On the half-time whistle, the jeers came in earnest. Chelsea were goalless, toothless and staring down the barrel of a nerve-shredding week in which their Champions League hopes would dangle by a thread.
For Maurizio Sarri, it has been this sort of season. The supporters at Stamford Bridge turned on their manager some time ago but even the sceptical locals must now cut the Italian some slack.
After this victory, Chelsea remain locked in a battle for two Champions League places but they are now up to third, one point ahead of Tottenham, and further daylight separates them from Arsenal and Manchester United.
It may yet dramatically fall apart, if Chelsea lose their second-leg against Eintracht Frankfurt and then contrive to surrender at Leicester next weekend. Yet the outlook is promising. The most likely scenario now is surely for Sarri to guide his team back into Europe’s elite through a top four finish and reach two finals in his first season in English football. Indeed, three second-half goals to the good, Sarri’s mood even lifted to the extent he gave Gary Cahill, Chelsea’s departing stalwart, a rare runout and a farewell to the home support.
Not bad, then, for a manager who has spent much of the season teetering on the brink. His team do remain a riddle of contradictions, a side with glaring vulnerabilities but also a team capable of igniting the switch at a moment’s notice.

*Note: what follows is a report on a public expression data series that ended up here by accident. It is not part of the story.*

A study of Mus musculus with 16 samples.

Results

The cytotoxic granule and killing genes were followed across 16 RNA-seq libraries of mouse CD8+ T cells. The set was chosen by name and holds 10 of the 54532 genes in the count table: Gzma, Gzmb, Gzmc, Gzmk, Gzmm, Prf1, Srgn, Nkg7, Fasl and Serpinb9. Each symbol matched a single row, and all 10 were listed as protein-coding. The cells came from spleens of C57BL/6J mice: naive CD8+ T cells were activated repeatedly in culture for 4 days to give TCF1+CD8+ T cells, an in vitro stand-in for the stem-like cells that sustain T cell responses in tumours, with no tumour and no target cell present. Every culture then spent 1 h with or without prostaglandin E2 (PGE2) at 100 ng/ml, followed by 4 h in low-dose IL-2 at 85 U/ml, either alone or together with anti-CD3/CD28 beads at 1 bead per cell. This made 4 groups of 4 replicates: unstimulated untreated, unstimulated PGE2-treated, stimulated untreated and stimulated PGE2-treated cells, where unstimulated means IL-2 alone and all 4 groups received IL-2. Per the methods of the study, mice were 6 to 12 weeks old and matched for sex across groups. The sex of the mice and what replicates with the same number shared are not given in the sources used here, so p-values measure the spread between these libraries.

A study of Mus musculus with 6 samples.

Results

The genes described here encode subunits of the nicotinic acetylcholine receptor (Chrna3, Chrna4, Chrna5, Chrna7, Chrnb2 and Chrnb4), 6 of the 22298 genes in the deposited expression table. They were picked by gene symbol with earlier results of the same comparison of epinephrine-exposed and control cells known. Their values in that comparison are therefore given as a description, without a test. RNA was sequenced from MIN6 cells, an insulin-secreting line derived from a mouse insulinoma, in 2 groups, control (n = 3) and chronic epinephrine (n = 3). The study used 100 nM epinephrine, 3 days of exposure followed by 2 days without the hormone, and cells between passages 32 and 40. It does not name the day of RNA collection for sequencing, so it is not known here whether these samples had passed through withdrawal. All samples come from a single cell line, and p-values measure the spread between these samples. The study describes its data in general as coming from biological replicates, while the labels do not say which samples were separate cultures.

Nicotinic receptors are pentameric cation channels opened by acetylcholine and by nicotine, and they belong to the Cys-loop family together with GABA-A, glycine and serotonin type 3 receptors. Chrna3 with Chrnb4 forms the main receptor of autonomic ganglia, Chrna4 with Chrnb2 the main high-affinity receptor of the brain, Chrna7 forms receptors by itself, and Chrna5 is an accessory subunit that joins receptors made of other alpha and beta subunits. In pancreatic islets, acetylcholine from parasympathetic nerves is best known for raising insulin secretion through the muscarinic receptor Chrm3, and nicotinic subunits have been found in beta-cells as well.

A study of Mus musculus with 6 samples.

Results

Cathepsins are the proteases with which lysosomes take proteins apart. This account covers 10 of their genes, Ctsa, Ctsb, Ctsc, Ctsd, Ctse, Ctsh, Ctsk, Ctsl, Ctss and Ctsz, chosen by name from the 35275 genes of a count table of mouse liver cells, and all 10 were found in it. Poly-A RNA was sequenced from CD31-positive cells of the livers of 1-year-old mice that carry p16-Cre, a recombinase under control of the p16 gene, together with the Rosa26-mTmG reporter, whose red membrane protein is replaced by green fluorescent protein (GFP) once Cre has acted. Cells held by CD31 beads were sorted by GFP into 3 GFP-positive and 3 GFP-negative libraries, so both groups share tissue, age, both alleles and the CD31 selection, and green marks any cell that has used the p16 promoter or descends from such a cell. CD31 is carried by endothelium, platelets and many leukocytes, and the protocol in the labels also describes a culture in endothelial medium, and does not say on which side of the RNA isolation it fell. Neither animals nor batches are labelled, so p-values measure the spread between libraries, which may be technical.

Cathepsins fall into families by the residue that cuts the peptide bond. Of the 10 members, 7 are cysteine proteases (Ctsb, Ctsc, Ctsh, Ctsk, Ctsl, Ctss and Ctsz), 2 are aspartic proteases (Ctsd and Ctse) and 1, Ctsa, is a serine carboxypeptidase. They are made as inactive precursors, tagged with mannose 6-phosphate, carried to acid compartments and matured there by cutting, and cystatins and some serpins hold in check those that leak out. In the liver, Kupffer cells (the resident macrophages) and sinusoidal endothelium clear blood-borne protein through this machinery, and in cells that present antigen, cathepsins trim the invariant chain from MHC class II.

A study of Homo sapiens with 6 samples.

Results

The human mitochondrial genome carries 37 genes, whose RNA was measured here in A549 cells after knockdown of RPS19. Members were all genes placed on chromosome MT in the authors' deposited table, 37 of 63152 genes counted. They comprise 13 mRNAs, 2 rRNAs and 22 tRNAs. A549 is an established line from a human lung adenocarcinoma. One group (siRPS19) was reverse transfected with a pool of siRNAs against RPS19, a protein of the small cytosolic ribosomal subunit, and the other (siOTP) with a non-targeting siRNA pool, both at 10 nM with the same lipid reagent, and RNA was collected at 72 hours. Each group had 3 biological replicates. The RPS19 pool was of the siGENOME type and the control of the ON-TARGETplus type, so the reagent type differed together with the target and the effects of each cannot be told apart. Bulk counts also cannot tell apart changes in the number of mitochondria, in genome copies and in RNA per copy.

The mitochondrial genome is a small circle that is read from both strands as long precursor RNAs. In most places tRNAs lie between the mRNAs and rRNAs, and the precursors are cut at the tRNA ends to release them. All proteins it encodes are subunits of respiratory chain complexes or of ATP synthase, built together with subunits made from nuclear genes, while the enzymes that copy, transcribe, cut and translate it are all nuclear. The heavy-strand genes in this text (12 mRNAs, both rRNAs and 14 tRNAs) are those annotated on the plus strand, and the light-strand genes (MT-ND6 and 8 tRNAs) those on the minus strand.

Indeed, many of the flaws in his side revealed themselves during a rather desperate opening period in which Watford were by far the superior side. Watford breathed down the necks of Chelsea’s sluggish midfielders Mateo Kovacic and Jorginho, as Abdoulaye Doucoure dominated the central acres and Will Hughes snapped into challenges.
There was cause for concern, too, as N’Golo Kante departed through injury within the opening ten minutes.
Javi Gracia’s side created the clearest openings. In the absence of Antonio Rudiger, Chelsea were a featherweight presence at the back and Troy Deeney asserted his aerial qualities while strike partner Gerard Deuolfeu ran the channels and committed opponents.